Fire Chief would like to reach even more residents via social media
By Jeff LaBonte
“Responding to an MVA with injuries at Prospect and Rt 20. Avoid the area.” If you’ve received a Tweet or Facebook message like this one, then you are following @auburnmassfire on Twitter, or ‘Like’ auburnmassfire on Facebook. The Auburn Fire Rescue Department has 1,729 Facebook ‘Likes’ and 931 Twitter followers as of today. Fire Chief Stephen Coleman would like to see those numbers keep growing.
“This is how people communicate now” says Chief Coleman. “Whether you like the trend or not, we’re almost obligated to participate from a notification and public safety perspective.”
According to Chief Coleman, the feedback from AFRD’s social media presence has been very positive. “People like the real-time element. It helps them avoid traffic, and it improves safety for our responders. When we have crews operating in the road, the less traffic coming by the better.”
It certainly seems to work. The incidents posted by the shift commanders are shared and retweeted repeatedly, especially for motor vehicle accidents that tie up major routes like routes 12, 20, 290 or the Pike.
Says Chief Coleman, “We always see an uptick in [social media] followers after an incident. That’s great. We’d like to have as many people following as possible before an incident, so we can reach many people as quickly as possible.”
Auburn has used CodeRed for several years, and Chief Coleman acknowledges that this is an important tool for Town officials to get information out. However, with more and more people relying on smartphones and making their mobile their primary number, not everyone remembers to update CodeRed information. If you are not at home, and that is the only telephone number you have on CodeRed, you may not receive important notices.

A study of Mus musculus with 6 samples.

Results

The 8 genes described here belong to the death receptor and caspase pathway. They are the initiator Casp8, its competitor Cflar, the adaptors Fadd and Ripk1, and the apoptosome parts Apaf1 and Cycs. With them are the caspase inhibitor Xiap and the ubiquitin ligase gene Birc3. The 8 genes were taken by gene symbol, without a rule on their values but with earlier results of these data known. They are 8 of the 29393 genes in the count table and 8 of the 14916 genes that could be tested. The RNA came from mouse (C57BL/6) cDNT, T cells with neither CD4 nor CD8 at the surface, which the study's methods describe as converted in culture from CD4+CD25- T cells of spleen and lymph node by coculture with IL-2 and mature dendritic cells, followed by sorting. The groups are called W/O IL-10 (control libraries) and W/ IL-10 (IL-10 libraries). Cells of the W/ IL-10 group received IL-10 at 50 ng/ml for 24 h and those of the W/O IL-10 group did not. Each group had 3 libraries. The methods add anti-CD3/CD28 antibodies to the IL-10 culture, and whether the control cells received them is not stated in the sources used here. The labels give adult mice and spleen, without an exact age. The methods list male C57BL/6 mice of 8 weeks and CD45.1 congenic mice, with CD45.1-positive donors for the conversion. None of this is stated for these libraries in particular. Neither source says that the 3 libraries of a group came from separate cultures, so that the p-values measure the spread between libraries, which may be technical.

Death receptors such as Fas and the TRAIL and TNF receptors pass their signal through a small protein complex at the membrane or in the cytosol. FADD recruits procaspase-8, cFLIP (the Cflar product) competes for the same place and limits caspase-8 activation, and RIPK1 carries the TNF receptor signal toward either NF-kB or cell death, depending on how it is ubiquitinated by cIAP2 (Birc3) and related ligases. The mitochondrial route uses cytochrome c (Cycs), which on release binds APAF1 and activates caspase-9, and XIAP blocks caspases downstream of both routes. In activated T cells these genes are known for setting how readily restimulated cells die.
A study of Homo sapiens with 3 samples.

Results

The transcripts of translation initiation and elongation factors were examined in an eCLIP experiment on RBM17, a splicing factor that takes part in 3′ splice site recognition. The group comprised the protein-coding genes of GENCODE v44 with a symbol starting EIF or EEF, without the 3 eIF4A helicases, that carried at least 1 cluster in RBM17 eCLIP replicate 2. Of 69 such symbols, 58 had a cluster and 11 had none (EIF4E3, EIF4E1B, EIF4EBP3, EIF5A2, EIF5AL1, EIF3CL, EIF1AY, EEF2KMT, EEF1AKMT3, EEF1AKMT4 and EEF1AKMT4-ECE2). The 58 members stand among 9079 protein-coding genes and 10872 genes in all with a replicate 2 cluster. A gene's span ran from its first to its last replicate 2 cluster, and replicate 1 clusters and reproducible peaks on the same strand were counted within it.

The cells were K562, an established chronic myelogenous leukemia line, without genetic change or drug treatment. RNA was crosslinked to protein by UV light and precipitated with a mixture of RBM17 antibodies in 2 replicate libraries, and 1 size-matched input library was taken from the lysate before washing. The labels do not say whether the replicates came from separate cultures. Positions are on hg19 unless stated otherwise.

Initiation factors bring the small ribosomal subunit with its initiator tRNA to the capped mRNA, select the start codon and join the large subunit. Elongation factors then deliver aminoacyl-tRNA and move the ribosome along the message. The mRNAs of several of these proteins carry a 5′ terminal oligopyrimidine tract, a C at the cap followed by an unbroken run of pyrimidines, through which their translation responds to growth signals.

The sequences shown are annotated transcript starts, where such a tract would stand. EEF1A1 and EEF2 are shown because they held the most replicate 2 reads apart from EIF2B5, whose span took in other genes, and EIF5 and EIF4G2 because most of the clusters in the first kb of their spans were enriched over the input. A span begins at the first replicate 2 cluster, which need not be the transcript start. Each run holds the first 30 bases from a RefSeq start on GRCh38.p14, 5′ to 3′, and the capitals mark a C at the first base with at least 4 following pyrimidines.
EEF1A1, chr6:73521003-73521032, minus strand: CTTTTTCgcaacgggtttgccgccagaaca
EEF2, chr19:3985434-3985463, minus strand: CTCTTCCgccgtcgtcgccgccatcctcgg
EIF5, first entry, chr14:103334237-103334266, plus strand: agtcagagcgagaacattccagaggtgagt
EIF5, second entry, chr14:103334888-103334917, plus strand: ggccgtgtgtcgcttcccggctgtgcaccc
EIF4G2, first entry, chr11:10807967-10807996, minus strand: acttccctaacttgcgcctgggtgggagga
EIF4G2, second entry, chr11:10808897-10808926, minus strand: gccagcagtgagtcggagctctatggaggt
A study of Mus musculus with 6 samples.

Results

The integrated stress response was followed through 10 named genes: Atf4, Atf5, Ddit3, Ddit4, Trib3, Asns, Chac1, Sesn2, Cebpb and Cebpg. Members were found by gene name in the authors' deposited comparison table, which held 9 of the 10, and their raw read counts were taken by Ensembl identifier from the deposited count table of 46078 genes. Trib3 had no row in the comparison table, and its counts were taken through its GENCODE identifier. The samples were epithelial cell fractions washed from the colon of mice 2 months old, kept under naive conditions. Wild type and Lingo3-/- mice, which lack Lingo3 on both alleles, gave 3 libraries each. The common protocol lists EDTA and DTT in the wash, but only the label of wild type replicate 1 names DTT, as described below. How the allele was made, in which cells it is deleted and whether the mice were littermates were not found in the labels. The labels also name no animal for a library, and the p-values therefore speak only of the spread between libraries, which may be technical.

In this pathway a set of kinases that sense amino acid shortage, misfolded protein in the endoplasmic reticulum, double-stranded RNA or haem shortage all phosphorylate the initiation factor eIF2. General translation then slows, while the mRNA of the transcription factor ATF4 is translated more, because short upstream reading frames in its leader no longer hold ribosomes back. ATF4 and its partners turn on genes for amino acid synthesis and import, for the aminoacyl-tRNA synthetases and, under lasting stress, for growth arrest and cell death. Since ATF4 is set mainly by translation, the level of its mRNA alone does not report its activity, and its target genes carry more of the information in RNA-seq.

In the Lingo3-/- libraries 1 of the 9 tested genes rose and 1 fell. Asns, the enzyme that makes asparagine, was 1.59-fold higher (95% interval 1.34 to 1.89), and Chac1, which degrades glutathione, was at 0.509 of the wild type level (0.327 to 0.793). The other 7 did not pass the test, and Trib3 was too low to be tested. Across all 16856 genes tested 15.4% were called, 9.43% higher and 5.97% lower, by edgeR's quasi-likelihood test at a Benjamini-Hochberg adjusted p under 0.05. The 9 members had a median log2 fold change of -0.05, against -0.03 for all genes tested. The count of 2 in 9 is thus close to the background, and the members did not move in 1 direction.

Seemingly everyone today is carrying a tablet, a smartphone, or is sitting at a computer. According to Pew Research, over 90% of Americans use the internet. Of those, over 70% of adults have a Facebook profile and about 20% use Twitter. All told, over 90% of internet users have some kind of social media profile. The figures for teens (ages 12-17) show even greater internet and social media usage.
Given the demographics, it would seem natural for fire departments, police departments and municipalities to make use of social media. But this is not the case.
“I often get asked how we use social media in Auburn, who does the updates, how does it work. There is currently little education [for responders] on how to use social media” says Chief Coleman.
Auburn is actually an exception in its aggressive use of social media, and is recognized by other departments for its initiative. In fact, Chief Coleman has been asked to present to the Fire Chiefs’ Association of Massachusetts in February on how AFRD has integrated social media.
So, how do they do it? Ever wonder who is typing in those alerts as the fire engines are screaming to an emergency?
AFRD has about a dozen people authorized to post to the department’s Facebook and Twitter feeds. (The two accounts are linked, so posting to one automatically posts to the other.) Chief Coleman says other Chiefs have expressed surprise that Coleman is comfortable having so many people post on the department’s behalf.
“I tell them, considering what I trust these guys to do every day in their jobs, I don’t even think twice about trusting them to post to social media.” He continued, “We made it [social media] a priority. We have a clear social media policy, and we provide training about what can be posted and when.”
The Town of Auburn, too, has a social media policy. Assistant IT director Amanda Gage is in charge of the town social media profiles, and is authorized to post to various Town accounts. In the event of a town-wide incident – the recent bomb threats at AHS, for example – there is a procedure known as ‘unified command’. All of the responding agencies are coordinated under one commander, and Gage would be responsible for monitoring and updating social media profiles for Police, Fire and Town sites.
“It’s important to keep information flowing” says Coleman. “With the bomb scares, you have probably 600 cell phones in the high school, and there is a lot of information flowing in and out of the building. We need to do what we can to ensure the public is getting accurate information. A lot of incorrect information gets out during these incidents.”
One thing for sure is that if something urgent happens in town, it will be on social media. “It’s the main way we get information out now” says Chief Coleman. “It’s well worth the follow or the like. It’s an important tool for us.”